Many people think of skin cancer as the type of cancer you can always see. However, may not be the case 100% of the time. While a large portion of melanoma, basal cell carcinoma, and squamous cell carcinoma diagnoses are found on the face, arms and legs, these types of skin cancers can also be found on areas that are more hidden in nature.
Want to know where the six most unlikely places skin cancer can develop so you can be on the lookout? Keep reading for more information.
According to the American Academy of Dermatology Association, skin cancer can show up in these surprising six places:
ScalpFor those with dark hair, spotting skin cancer on the scalp can be challenging. Unless it causes irritation or pain, you may never know you have skin cancer unless you have your dermatologist conduct an annual skin exam. Skin cancer on the scalp may appear as a new mole or other growth and typically changes in shape and size.
LipsLip cancer is often found on the lower lip, although the cancerous cells can appear on the top lip too. Generally, lip cancers are squamous cell carcinomas, so they tend to be flat and thin. Like other skin cancers, lip cancer is caused by excessive sun exposure. People who use tobacco products are at higher risk for developing lip cancer.
GroinBelieve it or not, skin cancer can even develop in the groin/pubic area. Although this area is not usually exposed to the sun, new moles that pose a threat can grow here. If you notice a new spot or bump, you should have it checked by a licensed dermatologist right away.
FeetEspecially in Florida, where so many of us wear flip-flops and sandals, UV exposure on the tops of the feet can lead to a skin cancer diagnosis. But did you also know that skin cancer can also develop underneath your toenails, in between your toes, and on the soles of your feet? These inconspicuous places need to be checked regularly by an expert in dermatology annually. Fast fact: Bob Marley was diagnosed with acral lentiginous melanoma, a type of skin cancer found under his toenail. This ultimately took his life.
HandsYour hands may be one of the most exposed places to the sun on your body. Whether you are driving, and the sun’s rays are hitting your hands on while on the steering wheel, or you are enjoying a nice day grilling outdoors, your hands are always in the sun. With factors such as frequent handwashing and forgetting to reapply sunscreen, your hands can often be left unprotected from the sun. Similar to the feet, skin cancer can also develop in between the fingers, and underneath the nails.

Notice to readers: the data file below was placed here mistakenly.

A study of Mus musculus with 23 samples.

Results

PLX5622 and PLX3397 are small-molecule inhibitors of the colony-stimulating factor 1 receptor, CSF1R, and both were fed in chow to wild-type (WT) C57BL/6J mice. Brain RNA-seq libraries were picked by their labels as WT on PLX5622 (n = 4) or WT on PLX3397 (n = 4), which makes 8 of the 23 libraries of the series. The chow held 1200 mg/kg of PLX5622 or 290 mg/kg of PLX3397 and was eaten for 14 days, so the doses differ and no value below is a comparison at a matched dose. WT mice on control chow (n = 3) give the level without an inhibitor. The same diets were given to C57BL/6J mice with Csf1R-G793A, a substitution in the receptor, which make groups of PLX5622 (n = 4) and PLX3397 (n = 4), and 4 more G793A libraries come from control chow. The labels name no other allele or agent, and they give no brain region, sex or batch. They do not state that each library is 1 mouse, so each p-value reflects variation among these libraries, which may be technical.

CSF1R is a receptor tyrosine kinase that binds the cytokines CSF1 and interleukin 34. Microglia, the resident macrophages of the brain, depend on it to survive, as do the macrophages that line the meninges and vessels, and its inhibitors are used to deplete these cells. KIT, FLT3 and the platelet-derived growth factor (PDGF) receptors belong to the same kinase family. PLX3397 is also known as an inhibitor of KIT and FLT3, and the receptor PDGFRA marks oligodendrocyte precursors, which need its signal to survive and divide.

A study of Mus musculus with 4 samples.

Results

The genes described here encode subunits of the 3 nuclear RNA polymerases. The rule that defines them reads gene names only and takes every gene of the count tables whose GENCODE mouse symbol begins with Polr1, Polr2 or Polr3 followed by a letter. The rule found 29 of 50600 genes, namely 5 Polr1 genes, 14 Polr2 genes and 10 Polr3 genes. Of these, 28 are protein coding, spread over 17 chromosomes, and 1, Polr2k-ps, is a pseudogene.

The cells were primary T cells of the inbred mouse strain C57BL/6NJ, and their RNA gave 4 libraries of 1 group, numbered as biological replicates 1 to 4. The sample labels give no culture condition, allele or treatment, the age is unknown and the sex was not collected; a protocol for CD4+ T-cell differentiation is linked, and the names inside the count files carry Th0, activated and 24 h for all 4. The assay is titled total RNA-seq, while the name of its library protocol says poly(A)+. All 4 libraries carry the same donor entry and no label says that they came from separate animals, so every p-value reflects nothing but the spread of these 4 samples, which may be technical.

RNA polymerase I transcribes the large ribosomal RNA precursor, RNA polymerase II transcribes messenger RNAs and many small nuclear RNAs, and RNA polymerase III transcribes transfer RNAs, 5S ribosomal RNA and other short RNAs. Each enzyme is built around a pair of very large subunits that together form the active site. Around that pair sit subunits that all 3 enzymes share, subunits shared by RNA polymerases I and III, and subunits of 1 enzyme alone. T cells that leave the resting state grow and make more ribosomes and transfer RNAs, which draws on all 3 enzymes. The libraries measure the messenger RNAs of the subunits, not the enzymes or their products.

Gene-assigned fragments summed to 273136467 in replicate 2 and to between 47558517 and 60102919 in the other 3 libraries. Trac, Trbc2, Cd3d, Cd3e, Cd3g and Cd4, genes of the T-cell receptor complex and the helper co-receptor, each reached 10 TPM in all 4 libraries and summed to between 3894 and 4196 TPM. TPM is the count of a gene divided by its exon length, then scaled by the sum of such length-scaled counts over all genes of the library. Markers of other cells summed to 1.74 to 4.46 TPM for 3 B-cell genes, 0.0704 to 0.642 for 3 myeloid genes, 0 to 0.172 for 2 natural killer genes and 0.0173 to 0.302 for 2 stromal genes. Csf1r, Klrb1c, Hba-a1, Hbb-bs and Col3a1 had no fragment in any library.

EyelidsThe thin tissue surrounding the bony sockets around your eyes can be vulnerable to extreme damage from the sun’s UV rays. This includes the entire eyelid. Most skin cancer around the eyelids are basal cell carcinomas, however, melanoma, although rare, can also occur around the eyes. Exposure to the sun can cause several other issues in addition to the above, including bumps on the eyeball, macular degeneration, sunburned cornea, and dry eyes.
Regardless of skin color or ethnicity, anyone can get skin cancer. The sun’s ultraviolet rays damage the DNA in your skin cells and lead to cell mutation and formation of malignant tumors. Sometimes, sun damage underneath the top layers of skin can be a predetermining factor for developing skin cancer.
Fortunately, skin cancer is one of the most preventable forms of cancer and we can lessen our chances by taking a few important measures.
These preventable measures include:
- Regularly performing a self-exam by checking yourself in the mirror and looking for any new, unusual, or changing areas, and reporting those to your dermatologist right away.
- Receiving an annual skin exam with your dermatologist to check for the ABCDE’s of skin cancer. It’s important to have an established relationship with a dermatologist so that you can allow them to check the areas you may miss when looking at yourself.
- Applying sunscreen to all exposed areas of your skin when going outdoors. It’s important to read the label of your sunscreen to make certain it is water-resistant and broad-spectrum with an SPF of 30 or higher. If you are sweating or swimming, you’ll need to reapply every two hours.
- Wearing protective clothing like long-sleeved and lightweight pants and shirts, as well as hats and sunglasses to guarantee extra coverage.
With early identification and diagnosis, skin cancer is highly treatable. If cancerous changes are detected in the early stages, treatment has a much higher likelihood of being effective. This is the primary reason why receiving a regular skin screening with a dermatologist is an important and proactive step you can take to protect your skin and prevent cancerous growths from worsening.